A Divided Inheritance by Deborah Swift



I was  exploring the time right after the gunpowder plot in England when Catholic recusants were being persecuted for their faith, when priests had to be hidden behind chimneys, and when England was in the grip of the new King James. I already knew I wanted to set my next book in the world of lace-making, a world where the craft was done by thousands of women, but the actual business was controlled by men.

Meanwhile, I was on holiday in with my husband when I came across a picture in a book  of two men fighting with rapiers on a strange grid-like pattern. The book was about the Golden Section, but these men were dressed in late Elizabethan or Early Stuart costume and the marking on the floor looked like a magical diagram. My interest piqued, I looked up in the back of the book where the illustration was from and discovered it was from a book called ‘Academy of the Sword’, a book of original engravings from 1630 by Girard Thibault.

When I got home I looked up the book on the internet and discovered the book was only available in a facsimile that cost a fortune. But from further researches into it  I found out more about the Sword Academy featured in the book – and more about the fighting method which seemed to be a mixture of occult philosophy and swordfighting, called in Spanish, La  Destreza (The True Skill).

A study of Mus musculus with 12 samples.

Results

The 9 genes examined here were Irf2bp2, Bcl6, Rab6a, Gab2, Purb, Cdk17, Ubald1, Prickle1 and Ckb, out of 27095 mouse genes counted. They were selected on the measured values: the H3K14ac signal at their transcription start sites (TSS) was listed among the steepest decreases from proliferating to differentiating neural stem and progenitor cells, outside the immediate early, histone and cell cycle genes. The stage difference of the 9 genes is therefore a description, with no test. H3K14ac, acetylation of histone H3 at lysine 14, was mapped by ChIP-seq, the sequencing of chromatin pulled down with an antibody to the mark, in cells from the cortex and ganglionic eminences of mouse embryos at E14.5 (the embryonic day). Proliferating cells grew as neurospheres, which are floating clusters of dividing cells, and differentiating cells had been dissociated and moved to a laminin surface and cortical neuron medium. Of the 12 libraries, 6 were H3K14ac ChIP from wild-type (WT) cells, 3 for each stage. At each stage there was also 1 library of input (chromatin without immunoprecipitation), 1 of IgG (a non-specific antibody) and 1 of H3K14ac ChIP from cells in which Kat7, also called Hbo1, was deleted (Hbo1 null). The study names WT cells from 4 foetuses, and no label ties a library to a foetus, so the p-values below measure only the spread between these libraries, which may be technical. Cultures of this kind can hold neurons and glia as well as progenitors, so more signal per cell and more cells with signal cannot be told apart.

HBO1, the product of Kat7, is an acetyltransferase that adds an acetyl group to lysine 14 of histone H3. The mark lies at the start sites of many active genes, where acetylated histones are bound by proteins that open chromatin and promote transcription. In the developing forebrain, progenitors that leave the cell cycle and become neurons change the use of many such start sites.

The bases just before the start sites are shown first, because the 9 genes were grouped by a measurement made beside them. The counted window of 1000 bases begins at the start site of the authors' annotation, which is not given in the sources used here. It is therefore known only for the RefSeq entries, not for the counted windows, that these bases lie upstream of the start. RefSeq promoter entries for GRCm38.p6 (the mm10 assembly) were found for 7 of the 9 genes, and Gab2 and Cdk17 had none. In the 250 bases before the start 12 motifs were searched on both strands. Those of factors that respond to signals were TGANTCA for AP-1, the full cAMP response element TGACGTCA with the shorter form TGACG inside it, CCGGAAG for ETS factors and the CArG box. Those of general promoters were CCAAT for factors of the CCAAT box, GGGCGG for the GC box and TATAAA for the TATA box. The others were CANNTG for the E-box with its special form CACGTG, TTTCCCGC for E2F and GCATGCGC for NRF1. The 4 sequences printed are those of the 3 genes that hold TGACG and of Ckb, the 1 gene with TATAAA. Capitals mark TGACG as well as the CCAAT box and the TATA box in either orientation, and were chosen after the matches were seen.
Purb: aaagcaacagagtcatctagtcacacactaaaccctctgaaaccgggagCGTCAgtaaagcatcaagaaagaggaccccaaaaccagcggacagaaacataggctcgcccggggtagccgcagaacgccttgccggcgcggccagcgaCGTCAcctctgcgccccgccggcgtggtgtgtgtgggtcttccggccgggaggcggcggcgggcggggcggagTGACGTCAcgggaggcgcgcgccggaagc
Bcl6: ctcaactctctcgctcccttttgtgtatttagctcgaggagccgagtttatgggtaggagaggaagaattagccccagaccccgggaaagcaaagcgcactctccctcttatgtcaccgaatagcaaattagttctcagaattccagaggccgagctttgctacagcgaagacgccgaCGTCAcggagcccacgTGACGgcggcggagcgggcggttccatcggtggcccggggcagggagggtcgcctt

Fired up by my new ideas I wondered what would happen if these two worlds collided? The genteel world of lace-making and the world of occult swordplay? I liked the idea of the collision of cultures too, the cold damp stone of the London streets with the heat and dust of Spain. It was a while before I hit on the idea of linking the two worlds through family connections and a fight for an inheritance.

Knowing how excited I was about the ideas I was working on, my husband bought me the very expensive book for my birthday, and it became an invaluable source, not only of the sword techniques, but also the engravings of costume. From it, I got some of my real-life characters and a lead into the extraordinary world of seventeenth century swordplay. From here it was only a short leap to the Inquisition who were still active at that time. How strange that in 17th century England you were persecuted for being a Catholic, yet in Spain you were persecuted if you were not.

As I worked on the novel more, the book became an exploration of the different skills and crafts in the 17th century – lace-making, sword-making, pottery, and the idea of how a  ‘true skill’  may be learnt. It also became an investigation into how we ‘inherit’ skills or character traits, what ‘in our blood’ really means, and how our family inheritance of culture and expectations persists through the generations.

As for the story, I wanted to write a book where the whole  plot turned on a lie. In the end there turned out to be more than one deception and more than one love story. Can a cultural divide be bridged by love? I really enjoyed writing it and I hope those who read it will love it as much as I did.